My reaction to the very first scoop of Laksa I ever tasted was WOW, WOW, WOW! Oh, the medley of flavors and textures! My taste buds were brimming with bursts of flavors – savory, spicy with hint of sweetness as well as sourness.
En route to Bangladesh, my husband had a layover in Singapore for several hours, few years ago, and stumbled upon Laksa. The next few years I heard how delicious Laksa was many many times. He was convinced that no Singaporean/Malaysian restaurant here can match the taste so I never tried it until I made it to Singapore on a business trip. Guess, what was the first meal I ordered? Sure thing..it had to be Laksa.
Each scoop of Laksa is full of flavors rich, spicy, heart warming. I finished the entire bowl until one of my local Singaporean colleague came and told me they don’t really finish the broth because it is so spicy and rich. I still finish the broth and don’t let any drop go to waste, by ignoring the local way of eating, because it is that yummy.
If you’ve never had Laksa, it is a curry like soup over noodles. The dish is very flavorful and loaded with protein from seafood and tofu. You can also make with chicken but I like the seafood one much better. Because of all the protein the soup already has I do not use any stock but plain water. After washing all the fish products, I throw them in boiling water. As they cook, I consider the boiling water my base stock to build the soup.
Now, let’s talk about the Laksa paste a bit. Making the paste is not hard; just throw the assortments of ingredients in the blender. Make a paste and you have it. What makes it a bit inconvenient is the preparation of the paste ingredients, especially if you want to make it for a weeknight meal. I made the paste from scratch few times and it stays well in the refrigerator for 2-3 days. Other times, after a long day of work, I got the paste from local Oriental store and the soup tasted just as good. If you’re in a hurry you can always buy a jar of pre-mixed paste, but part of the fun is the mad scientist approach to mixing and matching an assortment of ingredients to make the paste. I am providing the paste recipe if you wish to try. You are welcome to try preparing Laksa with the store bought paste also if you are in a time crunch.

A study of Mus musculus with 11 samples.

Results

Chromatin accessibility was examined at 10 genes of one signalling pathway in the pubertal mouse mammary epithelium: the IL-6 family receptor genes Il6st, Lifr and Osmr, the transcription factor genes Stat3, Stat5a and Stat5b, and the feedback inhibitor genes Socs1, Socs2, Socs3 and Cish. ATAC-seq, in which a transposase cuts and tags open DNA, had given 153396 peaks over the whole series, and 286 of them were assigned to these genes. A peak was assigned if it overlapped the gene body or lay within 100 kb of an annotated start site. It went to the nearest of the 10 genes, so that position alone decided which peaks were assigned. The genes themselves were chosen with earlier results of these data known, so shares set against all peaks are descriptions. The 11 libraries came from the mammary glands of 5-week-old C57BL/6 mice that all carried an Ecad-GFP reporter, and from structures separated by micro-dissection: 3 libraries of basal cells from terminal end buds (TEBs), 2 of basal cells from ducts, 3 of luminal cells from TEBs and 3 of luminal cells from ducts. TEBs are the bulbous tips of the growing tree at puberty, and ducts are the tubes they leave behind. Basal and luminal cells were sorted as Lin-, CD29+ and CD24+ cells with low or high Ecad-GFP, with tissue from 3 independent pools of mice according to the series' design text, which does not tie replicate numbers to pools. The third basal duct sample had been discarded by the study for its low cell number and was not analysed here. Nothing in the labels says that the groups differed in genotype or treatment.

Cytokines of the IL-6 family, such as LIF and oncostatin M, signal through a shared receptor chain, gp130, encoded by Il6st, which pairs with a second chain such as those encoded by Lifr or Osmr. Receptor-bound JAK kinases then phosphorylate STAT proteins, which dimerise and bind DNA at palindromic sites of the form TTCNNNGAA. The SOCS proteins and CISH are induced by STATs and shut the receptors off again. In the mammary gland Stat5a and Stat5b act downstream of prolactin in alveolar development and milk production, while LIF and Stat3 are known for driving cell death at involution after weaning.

Also, I do not cook the noodle separately. I make it a one pot dish and the noodle when the seafood is close to being done. Who needs multiple pots to wash when there is no difference in taste by making it in one pot? It is truly one of the tastiest dishes I have ever tried. I have served it in many family gatherings because it is so yummy and easy to cook if you have the paste ready beforehand. I hope you’ll enjoy as much.
- Laksa Paste:
- 2 small onions, chopped
- 4 cloves of garlic, crushed
- 2 tablespoon crushed peanuts
- 6 tablespoon soaked dried shrimp
- 2 stalks of fresh lemongrass finely chopped
- 2 tablespoon chopped fresh ginger
- 3 tablespoon shrimp paste
- 3 teaspoon chili powder
- 2 teaspoon ground turmeric
- 2 teaspoon ground coriander
- 2 teaspoon oil
- 6 cups water
- 1 cup Laksa paste
- ½ lb shrimps
- 10-12 pieces fish balls
- 10-12 pieces squids, bite size
- 1 package tofu, medium firm
- 1 bunch Enoki mushroom, chopped 1 inches
- 1 lb rice noodle or egg noddle
- salt to taste
- 1 cup coconut milk
- Hard boiled eggs
- Lime wedges
- Steps to prepare Laksa paste:
- Put everything in a food processor and blend until smooth. Refrigerate until required.
- Steps to prepare soup base:
- Cut tofu in 1" square pieces. Marinade in one spoon of Laksa paste for 5-10 minutes.
- Pan fry the marinated Tofu.
- Bring water to boil.
- Add all soup ingredient except coconut milk and noodle in a saucepan. Simmer for 5 minutes in medium heat.
- Add Laksa paste and noodles.
- Stir in coconut milk, bring to a boil, then reduce heat to medium-low and simmer until noodles and fish ingredients are cooked.
- Adjust soup’s seasoning with salt.
- Ladle portions of broth, tofu, fish cake, shrimp, and squids in bowls.
- Garnish with halves of hard-boiled egg, lime wedges, and cilantro.
Enoki mushroom can be substituted for other mushrooms. Bean sprouts are also commonly used in Laksa.
If you prefer, you can cook the noodle separately and add to the soup at the end. I prefer keeping it a one pot meal, so I cook everything together.